All might not be well on the India-European Union (EU) Free Trade Agreement (FTA) talk front. With the impending general elections in India, EU diplomats fear that FTA talks could rollover to the next government
All might not be well on the India-European Union (EU) Free Trade Agreement (FTA) talk front. With the impending general elections in India, EU diplomats fear that FTA talks could rollover to the next government. If that happens, the FTA talks could loose its significance for the EU as it is on the verge of starting FTA talks with US and Japan.
Joao Carvinho, EU Ambassador to India said although there is still ground to be covered, there is still possibility of the India-EU FTA negotiation in the next few months.
Excerpts of his interview with CNBC-TV18’s Rituparna Bhuyan
Q: What is the status on the India-EU free trade agreement?
A: I think, we do have within reach the possibility of an agreement over the next few months. There is ground still to be covered. There has been a lot of work. This is the moment when we need to make some difficult political decisions. That is always the way things are at the end of negotiations. We are coming to the end of this window of opportunity.
If we have to suspend negotiations for a while and then restart them, the world would have changed. There will be different aspects; nobody knows what new government might think in India, what priorities they might have.
Q: One very specific interest in the Indian market was in the auto sector. EU wanted a zero duties for both the countries as far as the auto sector trade negotiations are concerned. Do you see that happening now? Is there a possibility that we could still go ahead and see zero duties as far as Indian and EU cars are concerned?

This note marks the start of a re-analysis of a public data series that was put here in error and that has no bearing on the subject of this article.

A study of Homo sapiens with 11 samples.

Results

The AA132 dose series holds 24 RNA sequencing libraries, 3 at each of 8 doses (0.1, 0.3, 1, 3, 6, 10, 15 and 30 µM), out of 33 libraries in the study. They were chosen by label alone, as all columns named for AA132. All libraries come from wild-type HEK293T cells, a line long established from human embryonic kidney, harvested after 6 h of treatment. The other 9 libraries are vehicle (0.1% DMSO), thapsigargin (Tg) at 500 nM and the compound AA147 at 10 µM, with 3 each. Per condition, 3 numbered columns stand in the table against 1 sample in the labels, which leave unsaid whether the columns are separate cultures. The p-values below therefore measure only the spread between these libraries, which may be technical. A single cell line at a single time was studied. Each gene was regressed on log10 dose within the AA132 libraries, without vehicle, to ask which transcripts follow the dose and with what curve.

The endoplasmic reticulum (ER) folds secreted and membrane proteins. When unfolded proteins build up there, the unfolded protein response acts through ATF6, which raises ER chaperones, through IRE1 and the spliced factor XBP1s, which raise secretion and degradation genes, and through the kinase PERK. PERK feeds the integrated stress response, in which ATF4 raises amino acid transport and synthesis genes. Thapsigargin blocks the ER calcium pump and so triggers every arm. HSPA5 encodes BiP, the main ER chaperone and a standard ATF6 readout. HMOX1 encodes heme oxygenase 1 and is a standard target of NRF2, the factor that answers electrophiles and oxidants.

A: That was the long-term proposal and this is a very difficult proposal to actually see the light of day. It is nevertheless something that I think ultimately we should aim for because this is where situation like zero-zero would be where we would have the greatest levels of efficiency on both sides.
India is an important car exporter to Europe. We receive in Europe something like 2,40,000 cars coming from India against about 6000 cars that are going in the other direction. So, we need to have some balance.
I wouldn't say that we are talking only about the luxury car market, of course that perhaps might be the one that is most glamorous and most captivating of attention. However, what we are talking about essentially is creating for the consumer much better opportunities, greater choice, lower costs in both directions.